Worsening security in Afghanistan in past four years has led to more than 14,000 violations against children, UN says.
AT Monitoring Desk
KABUL: Worsening security across Afghanistan has led to 14,000 violations against children in the past four years, including nearly 3,500 killed and 9,000 injured, a UN report said.
Secretary-General Antonio Guterres condemned “the alarming level” of grave violations committed by all sides in the 18-year war and the fact that children “continue to bear the brunt of the armed conflict”.
Of serious concern, he said, was the nearly 12,600 children verified to have been killed or injured in 2015-2018 represented almost one-third of all civilian casualties.
That was “an increase of 82 percent in child casualties compared with the previous four years”, he said.
Guterres wrote in his fourth report on children and armed conflict in Afghanistan the rise was traced to “an increase in child casualties resulting from ground engagements, explosive remnants of war and aerial attacks”.
The UN chief said he was “extremely concerned, especially by the number of children killed and injured as a result of aerial operations conducted by government and pro-government forces”.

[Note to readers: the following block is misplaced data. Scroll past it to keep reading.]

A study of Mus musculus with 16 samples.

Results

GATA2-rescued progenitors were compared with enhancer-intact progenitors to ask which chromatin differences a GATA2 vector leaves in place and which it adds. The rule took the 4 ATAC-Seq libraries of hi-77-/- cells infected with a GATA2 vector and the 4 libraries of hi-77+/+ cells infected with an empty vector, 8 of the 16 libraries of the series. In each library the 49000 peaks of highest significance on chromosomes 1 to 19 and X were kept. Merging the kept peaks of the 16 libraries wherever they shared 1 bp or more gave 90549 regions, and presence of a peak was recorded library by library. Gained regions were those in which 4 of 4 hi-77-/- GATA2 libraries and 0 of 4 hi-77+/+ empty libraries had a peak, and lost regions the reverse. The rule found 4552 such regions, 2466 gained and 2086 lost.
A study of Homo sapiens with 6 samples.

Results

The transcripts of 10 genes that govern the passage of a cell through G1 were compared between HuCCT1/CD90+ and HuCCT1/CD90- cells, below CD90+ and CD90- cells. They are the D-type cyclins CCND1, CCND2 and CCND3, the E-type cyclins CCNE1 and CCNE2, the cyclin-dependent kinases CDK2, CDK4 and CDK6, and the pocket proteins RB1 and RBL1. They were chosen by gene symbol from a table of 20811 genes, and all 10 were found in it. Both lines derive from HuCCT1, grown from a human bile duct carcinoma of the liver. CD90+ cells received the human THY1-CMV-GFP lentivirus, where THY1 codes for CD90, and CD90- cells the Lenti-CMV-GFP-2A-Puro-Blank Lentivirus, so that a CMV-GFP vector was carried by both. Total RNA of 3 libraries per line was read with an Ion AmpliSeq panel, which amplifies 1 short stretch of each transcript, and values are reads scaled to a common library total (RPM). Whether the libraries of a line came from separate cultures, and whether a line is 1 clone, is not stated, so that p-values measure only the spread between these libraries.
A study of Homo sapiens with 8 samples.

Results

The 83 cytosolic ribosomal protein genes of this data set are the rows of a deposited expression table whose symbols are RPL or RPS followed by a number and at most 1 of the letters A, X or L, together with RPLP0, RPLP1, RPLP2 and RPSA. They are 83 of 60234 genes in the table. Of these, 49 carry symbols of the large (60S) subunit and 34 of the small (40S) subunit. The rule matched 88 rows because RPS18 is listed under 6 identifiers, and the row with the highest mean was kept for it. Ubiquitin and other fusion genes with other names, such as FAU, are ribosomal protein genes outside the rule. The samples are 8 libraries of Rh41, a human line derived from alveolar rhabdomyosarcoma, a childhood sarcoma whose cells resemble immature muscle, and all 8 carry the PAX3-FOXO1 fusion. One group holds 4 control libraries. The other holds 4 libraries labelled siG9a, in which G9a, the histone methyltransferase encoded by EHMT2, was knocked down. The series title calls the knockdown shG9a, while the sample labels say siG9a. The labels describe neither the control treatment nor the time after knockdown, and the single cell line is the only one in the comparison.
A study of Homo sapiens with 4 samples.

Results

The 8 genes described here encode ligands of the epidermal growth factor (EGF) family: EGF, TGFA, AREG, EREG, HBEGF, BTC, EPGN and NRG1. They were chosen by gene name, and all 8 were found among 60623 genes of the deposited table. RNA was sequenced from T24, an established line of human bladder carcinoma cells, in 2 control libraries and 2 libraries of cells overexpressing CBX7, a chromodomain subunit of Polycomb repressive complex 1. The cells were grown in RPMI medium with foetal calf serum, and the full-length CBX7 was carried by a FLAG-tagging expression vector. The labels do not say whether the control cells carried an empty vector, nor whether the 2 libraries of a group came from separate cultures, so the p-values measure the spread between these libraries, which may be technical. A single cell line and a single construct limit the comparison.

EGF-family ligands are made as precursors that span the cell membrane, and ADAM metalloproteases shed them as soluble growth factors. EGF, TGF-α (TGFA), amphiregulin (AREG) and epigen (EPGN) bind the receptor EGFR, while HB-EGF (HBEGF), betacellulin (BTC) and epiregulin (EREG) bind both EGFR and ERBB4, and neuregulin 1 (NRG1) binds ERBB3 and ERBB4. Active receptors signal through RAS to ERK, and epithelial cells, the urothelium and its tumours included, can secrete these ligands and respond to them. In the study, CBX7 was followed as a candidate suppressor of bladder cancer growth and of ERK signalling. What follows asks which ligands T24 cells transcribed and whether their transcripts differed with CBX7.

According to the report, child casualties from air strikes “have significantly increased since 2015”, reversing the downward trend of the four preceding years.
The UN verified 1,049 child casualties from air strikes in 2015-2018, including 464 youngsters killed. That represented 40 percent of civilian casualties from aerial attacks, the report said.
Guterres said armed groups were responsible for 43 percent of child casualties – 3,450 killed and 9,149 wounded.
While Taliban fighters were responsible for the majority, the number attributed to Islamic State of Iraq and the Levant (ISIL, ISIS) increased overall during the four-year period, he said.
Government and pro-government forces were responsible for 30 percent of child casualties, he said.
Guterres said the UN also verified the recruitment and use of 274 children by armed groups and government forces, sexual violence against 13 boys and four girls, and 467 attacks on schools and education personnel.
The secretary-general said the actual number of children recruited and used in the Afghan conflict “is estimated to be much higher”, citing as an example allegation in 2016 that more than 3,000 children were recruited, mainly by armed groups.